Federal PFAS Regulations in the Works

The EPA is looking to set federal regulations for PFAS in drinking water.


In a major milestone in the fight against PFAS, the Environmental Protection Agency announced it will now move forward to set federal regulations for the emerging contaminant for drinking water supplies across the country.

“The state has been begging and demanding and asking for the federal guidance and by them setting a new standard now we know what to look for,” Trinks said.

Just last month, Trinks, the Department of Public Health, and Department of Energy and Environmental Protection met with Congressman John Larson. The state leaders told Larson about the ongoing demand for the EPA to set drinking water standards.

Until now, states like Connecticut have had to come up with their own maximum containment levels, how much PFAS should be allowed in our drinking water.

PFAS, known as “forever chemicals” have been linked to health risks ranging from developmental effects in fetuses and infants and certain forms of cancer.

PFAS are a group of manmade chemicals found everywhere including water, food and household items. They’ve been linked to serious health issues like cancers and reproductive issues.

“We have to be aggressive, we have to make sure that those regulations are strict and they’re tight,” Attorney General William Tong said.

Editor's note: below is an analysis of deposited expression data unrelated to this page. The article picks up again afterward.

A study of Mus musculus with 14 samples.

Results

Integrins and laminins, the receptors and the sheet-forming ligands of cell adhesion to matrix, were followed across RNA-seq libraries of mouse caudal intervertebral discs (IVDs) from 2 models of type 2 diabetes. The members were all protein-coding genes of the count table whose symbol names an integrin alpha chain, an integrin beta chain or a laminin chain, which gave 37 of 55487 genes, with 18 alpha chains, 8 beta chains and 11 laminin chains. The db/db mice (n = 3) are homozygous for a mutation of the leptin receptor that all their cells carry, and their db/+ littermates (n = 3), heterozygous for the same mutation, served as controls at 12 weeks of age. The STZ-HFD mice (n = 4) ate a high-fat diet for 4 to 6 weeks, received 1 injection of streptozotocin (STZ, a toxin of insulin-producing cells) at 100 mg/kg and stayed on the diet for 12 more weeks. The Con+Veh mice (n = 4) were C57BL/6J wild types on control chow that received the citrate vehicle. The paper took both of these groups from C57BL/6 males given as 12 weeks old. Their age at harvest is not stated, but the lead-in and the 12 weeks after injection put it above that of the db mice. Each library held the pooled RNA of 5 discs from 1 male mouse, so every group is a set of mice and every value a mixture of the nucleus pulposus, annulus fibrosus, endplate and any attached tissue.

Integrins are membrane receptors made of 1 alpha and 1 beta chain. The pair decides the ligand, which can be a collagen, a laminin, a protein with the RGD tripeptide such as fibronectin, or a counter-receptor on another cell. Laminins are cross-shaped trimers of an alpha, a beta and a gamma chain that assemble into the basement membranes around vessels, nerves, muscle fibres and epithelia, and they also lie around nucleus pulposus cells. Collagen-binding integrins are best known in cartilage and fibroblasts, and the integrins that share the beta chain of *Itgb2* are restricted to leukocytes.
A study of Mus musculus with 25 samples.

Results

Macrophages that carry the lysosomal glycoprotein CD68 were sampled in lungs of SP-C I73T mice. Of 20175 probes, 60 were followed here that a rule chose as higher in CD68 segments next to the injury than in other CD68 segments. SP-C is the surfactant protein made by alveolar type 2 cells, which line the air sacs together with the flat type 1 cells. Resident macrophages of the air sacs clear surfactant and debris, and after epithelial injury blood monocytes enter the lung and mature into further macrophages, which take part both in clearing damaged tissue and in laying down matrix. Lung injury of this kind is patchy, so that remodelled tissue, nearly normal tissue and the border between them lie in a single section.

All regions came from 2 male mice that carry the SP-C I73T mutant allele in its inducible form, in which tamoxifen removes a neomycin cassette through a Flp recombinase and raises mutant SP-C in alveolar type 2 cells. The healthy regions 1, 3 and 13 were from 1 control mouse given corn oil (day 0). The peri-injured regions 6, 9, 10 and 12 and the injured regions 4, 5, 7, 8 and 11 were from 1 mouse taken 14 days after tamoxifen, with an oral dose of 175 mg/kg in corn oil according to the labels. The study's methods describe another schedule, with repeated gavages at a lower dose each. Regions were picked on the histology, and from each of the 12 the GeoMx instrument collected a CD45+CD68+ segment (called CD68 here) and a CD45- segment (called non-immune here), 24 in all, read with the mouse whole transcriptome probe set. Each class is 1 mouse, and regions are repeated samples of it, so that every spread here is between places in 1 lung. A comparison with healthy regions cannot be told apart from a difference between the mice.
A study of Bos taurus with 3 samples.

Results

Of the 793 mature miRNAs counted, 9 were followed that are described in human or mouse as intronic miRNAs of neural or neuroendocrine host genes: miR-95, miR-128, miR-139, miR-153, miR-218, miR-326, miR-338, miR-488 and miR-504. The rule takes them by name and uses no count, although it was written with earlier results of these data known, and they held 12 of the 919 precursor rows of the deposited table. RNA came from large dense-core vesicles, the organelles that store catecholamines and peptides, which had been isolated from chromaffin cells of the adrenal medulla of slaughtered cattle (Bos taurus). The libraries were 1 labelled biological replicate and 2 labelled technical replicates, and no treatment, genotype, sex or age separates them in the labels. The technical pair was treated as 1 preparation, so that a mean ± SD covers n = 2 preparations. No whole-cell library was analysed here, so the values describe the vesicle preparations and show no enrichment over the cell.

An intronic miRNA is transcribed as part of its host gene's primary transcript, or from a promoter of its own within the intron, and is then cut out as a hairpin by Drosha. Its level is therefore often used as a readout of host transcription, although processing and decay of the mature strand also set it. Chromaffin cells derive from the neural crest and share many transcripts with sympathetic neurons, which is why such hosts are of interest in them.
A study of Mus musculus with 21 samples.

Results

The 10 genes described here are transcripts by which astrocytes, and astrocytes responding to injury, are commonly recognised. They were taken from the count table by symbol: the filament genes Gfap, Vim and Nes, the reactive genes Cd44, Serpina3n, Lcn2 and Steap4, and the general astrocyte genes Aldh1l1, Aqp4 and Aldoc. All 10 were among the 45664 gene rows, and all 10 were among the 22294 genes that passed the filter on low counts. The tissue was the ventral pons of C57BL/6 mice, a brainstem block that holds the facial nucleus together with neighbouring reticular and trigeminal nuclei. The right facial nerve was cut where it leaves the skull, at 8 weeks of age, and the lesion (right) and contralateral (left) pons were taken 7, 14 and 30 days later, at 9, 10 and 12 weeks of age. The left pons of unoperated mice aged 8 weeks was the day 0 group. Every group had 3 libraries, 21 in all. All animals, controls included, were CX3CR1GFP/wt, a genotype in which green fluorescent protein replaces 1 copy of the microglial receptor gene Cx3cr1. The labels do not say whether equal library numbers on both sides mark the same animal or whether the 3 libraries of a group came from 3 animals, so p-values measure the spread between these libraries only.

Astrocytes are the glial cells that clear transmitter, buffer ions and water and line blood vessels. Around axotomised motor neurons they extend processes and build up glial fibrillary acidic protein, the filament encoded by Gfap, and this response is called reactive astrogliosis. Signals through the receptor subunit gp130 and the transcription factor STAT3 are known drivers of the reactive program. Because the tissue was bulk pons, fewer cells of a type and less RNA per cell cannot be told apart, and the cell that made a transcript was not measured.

Tong and his office have been working with the state’s PFAS Task Force to identify PFAS sources in Connecticut. He says he’ll push for the agency to set tough standards for how much PFAS should be allowed in drinking water.

“We are working with our partners in Massachusetts to New York and across the country and we’re going to come forward together and weigh in and let the federal government know let the EPA know that we think is the best level to set for human drinking water,” Tong said.

Right now the state of Connecticut has set its standard for 70 parts per trillion. New money set aside in Gov. Ned Lamont’s proposed budget could help fund PFAS testing in state, testing that will now be backed by the federal government.

“This is not a case of over regulation by the feds and the state this is drinking water, this is what we need for survival,” Trinks said.

PFAS is a group of man-made chemicals that have been used since the 1940s across the world, including the United States. These chemicals do not break down, and have been tied to can lead to adverse reproductive, developmental, liver and kidney effects.